The founder of an Anne Arundel County progressive group and the Caucus of African American Leaders have filed a formal complaint against Circuit Court Judge Mark W. Crooks after his name was appeared on a county council candidate’s fundraising flier.
Yasemin Jamison, who created Anne Arundel County Indivisible, submitted the complaint to the Maryland Commission on Judicial Disabilities last week. The seven-page document claims that Crooks violated a section of the state’s Code of Judicial Conduct that bars judges from endorsing political candidates.
The commission, an independent body that investigates complaints against the state’s judges, does not confirm or share information about complaints until an investigation is complete. The complaint can be dismissed right away, or the panel could launch an investigation that could result in a warning, private reprimand, deferred discipline agreement or charges.
Jamison said she submitted the complaint because she wants the public and candidates to know “that we’re awake and watching.”
“I just feel like people needed to know, and that it’s not right,” she said.
The email flier advertised a fundraiser for Pasadena Republican Nathan Volke’s campaign, It indicated Crooks and Anne Arundel County Register of Wills Lauren M. Parker were hosts, saying they “cordially invite you to a happy hour reception supporting” Volke.
Crooks said at the time that he “didn’t mean to remotely or even tacitly suggest that I was endorsing (Volke) as a candidate.”
The judge said Monday he had not yet seen the complaint, but issued a statement applauding the watchfulness of those who filed it, saying they .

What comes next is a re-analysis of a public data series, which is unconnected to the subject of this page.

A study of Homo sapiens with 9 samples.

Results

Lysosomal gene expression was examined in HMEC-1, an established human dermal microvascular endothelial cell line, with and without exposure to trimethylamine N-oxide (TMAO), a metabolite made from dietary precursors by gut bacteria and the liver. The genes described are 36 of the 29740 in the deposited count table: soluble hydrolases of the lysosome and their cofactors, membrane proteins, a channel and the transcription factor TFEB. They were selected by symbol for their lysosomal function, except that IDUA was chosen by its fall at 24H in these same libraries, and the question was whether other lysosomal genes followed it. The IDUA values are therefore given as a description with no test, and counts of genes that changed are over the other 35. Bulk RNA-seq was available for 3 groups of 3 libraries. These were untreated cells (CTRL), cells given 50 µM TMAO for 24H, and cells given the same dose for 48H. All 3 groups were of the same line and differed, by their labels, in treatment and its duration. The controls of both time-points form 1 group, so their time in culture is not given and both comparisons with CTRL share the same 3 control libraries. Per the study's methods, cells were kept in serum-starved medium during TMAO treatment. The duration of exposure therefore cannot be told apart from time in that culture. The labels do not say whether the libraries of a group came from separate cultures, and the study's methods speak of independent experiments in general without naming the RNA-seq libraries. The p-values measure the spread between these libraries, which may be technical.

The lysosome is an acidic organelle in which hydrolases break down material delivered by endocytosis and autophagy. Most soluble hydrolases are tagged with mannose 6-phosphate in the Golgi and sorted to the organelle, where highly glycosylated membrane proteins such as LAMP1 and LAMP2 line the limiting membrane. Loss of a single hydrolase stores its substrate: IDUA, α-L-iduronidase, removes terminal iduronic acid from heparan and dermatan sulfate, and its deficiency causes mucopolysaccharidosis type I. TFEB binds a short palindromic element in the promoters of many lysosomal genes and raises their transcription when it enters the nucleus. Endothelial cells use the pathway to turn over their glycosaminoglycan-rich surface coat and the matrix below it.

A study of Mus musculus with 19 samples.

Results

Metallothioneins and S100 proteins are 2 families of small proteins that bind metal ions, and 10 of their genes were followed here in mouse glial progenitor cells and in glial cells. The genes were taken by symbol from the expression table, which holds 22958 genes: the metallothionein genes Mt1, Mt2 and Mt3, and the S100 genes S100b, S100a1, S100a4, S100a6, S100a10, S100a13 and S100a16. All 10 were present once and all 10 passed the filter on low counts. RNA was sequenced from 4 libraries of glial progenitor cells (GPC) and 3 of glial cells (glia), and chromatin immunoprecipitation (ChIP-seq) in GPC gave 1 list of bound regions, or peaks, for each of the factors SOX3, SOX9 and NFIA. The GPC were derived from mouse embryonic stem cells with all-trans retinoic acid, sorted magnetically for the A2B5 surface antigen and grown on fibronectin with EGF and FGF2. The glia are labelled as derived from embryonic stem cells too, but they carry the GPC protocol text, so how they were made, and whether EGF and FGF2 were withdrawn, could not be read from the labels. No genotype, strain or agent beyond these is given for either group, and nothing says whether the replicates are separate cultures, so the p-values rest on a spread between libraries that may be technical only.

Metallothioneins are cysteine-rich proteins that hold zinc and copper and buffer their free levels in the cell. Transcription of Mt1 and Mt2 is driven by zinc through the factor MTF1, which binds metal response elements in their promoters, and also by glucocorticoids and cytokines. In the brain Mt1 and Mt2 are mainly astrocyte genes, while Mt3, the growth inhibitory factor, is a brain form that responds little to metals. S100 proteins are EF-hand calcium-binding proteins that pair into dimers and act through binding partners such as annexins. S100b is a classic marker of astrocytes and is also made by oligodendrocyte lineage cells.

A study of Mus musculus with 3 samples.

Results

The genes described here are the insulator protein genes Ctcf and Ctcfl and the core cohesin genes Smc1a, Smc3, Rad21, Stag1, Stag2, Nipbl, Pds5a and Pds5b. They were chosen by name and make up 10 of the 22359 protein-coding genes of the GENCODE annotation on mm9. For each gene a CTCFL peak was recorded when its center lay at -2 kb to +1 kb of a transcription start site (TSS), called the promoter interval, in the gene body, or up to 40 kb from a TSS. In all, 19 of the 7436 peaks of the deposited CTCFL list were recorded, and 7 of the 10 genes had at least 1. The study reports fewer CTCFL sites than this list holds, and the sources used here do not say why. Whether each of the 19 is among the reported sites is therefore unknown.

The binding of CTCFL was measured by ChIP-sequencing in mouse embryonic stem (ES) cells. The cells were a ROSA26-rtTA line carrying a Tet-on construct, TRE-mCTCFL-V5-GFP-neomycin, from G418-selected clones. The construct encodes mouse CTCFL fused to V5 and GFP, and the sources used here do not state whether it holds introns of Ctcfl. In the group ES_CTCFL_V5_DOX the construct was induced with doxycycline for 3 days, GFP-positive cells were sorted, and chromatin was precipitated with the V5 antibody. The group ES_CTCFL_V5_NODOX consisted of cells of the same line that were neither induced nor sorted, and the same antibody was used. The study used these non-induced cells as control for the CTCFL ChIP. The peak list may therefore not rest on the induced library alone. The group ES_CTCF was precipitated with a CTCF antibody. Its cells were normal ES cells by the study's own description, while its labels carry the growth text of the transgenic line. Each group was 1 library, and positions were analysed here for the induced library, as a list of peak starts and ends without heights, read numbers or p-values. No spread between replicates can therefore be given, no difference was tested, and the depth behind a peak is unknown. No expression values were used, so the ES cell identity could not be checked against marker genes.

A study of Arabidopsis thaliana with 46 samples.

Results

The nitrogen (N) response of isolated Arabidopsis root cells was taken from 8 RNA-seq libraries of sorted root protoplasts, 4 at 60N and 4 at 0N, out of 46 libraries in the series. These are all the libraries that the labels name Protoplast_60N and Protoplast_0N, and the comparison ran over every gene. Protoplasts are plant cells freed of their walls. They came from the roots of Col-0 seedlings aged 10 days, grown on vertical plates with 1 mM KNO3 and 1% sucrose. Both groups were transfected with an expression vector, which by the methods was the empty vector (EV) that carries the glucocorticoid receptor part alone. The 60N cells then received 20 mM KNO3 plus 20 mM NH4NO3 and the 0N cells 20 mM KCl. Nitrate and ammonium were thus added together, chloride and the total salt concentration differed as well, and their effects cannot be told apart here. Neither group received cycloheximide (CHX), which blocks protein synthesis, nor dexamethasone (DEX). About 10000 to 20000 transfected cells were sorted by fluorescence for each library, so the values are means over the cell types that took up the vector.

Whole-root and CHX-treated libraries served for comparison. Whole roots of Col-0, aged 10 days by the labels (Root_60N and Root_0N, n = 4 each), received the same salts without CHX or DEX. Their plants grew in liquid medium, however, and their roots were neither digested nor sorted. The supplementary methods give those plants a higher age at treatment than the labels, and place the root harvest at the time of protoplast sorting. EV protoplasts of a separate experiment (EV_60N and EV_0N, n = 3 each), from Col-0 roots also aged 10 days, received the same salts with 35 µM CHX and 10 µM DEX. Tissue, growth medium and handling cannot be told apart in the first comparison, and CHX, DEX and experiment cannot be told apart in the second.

He wrote that he was “encouraged by the close watch of (Caucus of African American Leaders convener) Mr. (Carl) Snowden and others who obviously share my concerns regarding judicial candidates.”
“Like the complainants, I recognize that sitting judges must carefully follow a strict path,” he said.
Volke, an attorney and the former chair of the county’s Republican central committee, did not respond to a request for comment. He previously called the flier’s wording “inartful” and said he would make a new one clarifying that Crooks and Parker were “special guests,” not hosts, of the event.
Monday, Crooks said he no longer plans to attend the fundraiser. A website with information about the event had removed his name as one of the “special honored guests.”
Snowden, a guest columnist for The Capital, said he gives Crooks “the benefit of the doubt,” but said a judge has a special obligation to make sure there is no appearance of conflict.
Under Maryland law, newly appointed Circuit Court judges like Crooks, who was appointed to the bench by Gov. Larry Hogan in November, must appear on the ballot in the following election year — in this case, 2018.
The ethics code allows judicial candidates to endorse or oppose candidates for the same judicial office and attend or purchase tickets for dinners and events sponsored by a political organization or candidate. They cannot, however, make a speech for a candidate or political organization or publicly endorse a candidate for non-judicial office.